Historicizing US Public Broadcasting: New Initiatives and Buried Treasures

AHA Session 23
Thursday, January 7, 2016: 1:00 PM-3:00 PM
Crystal Ballroom C (Hilton Atlanta, First Floor)
Bruce J. Schulman, Boston University
The Audience

Session Abstract

Historians of American culture seem reluctant to write about public broadcasting.  Very few works have focused on its programs, audiences, and practices; the few that exist tend to make a political critique of its policies.  Yet public broadcasting in the U.S. has a complex history of interconnection with a broad spectrum of institutions in the U.S. and abroad – universities, commercial broadcasters, government agencies, foundations, international media organizations, national producers and distributors, corporate sponsors, and local communities at every level and location.  In part public broadcasting’s scholarly neglect is due to the relative inaccessibility of its material history, locked behind obsolete technologies in scattered locations, many of them not open to the public. Recently, media archivists and scholars have initiated several coordinating projects on a national scale taking advantage of digital humanities tools and networks to make public broadcasting history more accessible. Two of the most significant are the American Archive of Public Broadcasting (AAPB), a collaboration between the Library of Congress and WGBH in Boston to preserve and make accessible U.S. public broadcasting programming; and the Radio Preservation Task Force (RPTF) of the Library of Congress, a consortium of 120 faculty members and representatives from nearly 300 archives formed to develop a national inventory of archival radio collections and promote the use of radio-based recorded sound as research and educational resources. With this wealth of primary media sources becoming available for analysis and interpretation, discussion of ways to make this material more useful for the study of political, social, and cultural history seems appropriate.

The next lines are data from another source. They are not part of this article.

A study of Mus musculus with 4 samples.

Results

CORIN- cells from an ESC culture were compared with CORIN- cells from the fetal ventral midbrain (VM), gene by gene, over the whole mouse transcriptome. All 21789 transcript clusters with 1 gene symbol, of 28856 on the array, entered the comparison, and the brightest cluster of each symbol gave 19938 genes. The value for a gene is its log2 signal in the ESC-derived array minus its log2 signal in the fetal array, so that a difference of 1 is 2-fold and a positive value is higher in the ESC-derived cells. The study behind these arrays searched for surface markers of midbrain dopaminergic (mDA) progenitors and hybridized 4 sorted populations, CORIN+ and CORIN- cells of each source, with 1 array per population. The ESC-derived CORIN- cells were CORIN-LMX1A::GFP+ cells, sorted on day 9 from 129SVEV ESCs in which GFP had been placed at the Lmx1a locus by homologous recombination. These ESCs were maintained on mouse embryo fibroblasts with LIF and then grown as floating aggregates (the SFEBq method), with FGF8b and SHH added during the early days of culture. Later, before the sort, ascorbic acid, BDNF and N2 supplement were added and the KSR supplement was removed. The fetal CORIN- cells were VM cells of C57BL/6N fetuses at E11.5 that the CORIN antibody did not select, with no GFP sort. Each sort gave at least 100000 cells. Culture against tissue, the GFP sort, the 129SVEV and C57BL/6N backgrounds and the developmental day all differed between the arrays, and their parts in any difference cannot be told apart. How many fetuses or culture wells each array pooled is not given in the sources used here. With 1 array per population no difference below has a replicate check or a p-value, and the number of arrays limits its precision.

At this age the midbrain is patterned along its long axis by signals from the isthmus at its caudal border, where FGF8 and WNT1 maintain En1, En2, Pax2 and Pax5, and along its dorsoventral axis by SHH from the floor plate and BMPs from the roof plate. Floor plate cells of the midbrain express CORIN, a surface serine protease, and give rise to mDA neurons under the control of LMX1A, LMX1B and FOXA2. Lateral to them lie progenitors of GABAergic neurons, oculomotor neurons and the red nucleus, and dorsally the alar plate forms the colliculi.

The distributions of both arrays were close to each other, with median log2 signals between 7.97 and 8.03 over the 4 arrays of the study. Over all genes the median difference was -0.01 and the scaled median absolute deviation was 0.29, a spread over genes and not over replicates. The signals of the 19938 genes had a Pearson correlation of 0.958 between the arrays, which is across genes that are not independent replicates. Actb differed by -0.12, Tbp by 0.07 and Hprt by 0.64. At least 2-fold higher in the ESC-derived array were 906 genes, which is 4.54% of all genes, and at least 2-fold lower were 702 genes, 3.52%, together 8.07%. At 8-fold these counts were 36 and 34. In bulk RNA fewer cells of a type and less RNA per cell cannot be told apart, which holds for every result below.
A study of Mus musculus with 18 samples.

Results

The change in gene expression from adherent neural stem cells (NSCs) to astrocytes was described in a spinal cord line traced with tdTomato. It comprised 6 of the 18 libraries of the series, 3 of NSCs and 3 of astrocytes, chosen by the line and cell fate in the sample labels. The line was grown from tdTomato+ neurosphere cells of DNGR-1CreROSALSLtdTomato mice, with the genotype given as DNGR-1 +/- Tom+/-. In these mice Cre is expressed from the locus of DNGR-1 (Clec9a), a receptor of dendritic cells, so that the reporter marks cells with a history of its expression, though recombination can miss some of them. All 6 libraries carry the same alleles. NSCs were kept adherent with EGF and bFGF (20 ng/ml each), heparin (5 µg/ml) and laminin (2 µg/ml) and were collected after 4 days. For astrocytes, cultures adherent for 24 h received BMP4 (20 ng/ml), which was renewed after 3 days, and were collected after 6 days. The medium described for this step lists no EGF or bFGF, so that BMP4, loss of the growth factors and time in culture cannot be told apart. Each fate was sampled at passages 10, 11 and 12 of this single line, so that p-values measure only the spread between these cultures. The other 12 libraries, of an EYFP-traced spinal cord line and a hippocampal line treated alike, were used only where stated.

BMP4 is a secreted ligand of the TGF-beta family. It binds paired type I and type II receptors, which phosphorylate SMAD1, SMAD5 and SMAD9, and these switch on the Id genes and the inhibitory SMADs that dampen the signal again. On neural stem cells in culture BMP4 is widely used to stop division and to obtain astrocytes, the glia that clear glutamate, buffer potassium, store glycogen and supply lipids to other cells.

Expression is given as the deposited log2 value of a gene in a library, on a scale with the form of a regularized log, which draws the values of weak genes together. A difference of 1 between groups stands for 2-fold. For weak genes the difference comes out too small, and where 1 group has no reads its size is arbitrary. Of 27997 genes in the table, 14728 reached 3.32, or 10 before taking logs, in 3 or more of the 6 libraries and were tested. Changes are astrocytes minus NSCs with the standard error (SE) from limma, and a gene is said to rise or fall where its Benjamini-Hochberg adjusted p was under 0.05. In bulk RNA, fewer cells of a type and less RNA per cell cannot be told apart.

This panel will serve two complementary functions: to present scholarship that interrogates significant intersections between diverse communities and institutions in the history of US public broadcasting, using newly-uncovered archival resources; and to discuss increased opportunities for scholarship and education that are developing due to such initiatives as AAPB and RPTF. Josh Shepperd’s paper examines media effects research during the 1950s stemming from federal regulatory imperatives that impacted university communications departments, commercial broadcasters, and educational broadcasting. Michele Hilmes explores a transnational public/private initiative of the 1960s based in four countries to produce primetime documentaries on topics of worldwide interest from varied perspectives. Alan Gevinson investigates heartland public television documentaries from the 1970s to illuminate ways that national issues and concerns played out in local settings. Karen Cariani discusses the work of the media archivist in collaborating with scholars to foster research and educational use of public media collections. Following the papers, Bruce Schulman will lead a roundtable on the value of public broadcasting history for historians, with Shepperd, Hilmes, Gevinson, and Cariani discussing the AAPB and RPTF initiatives with which they are associated.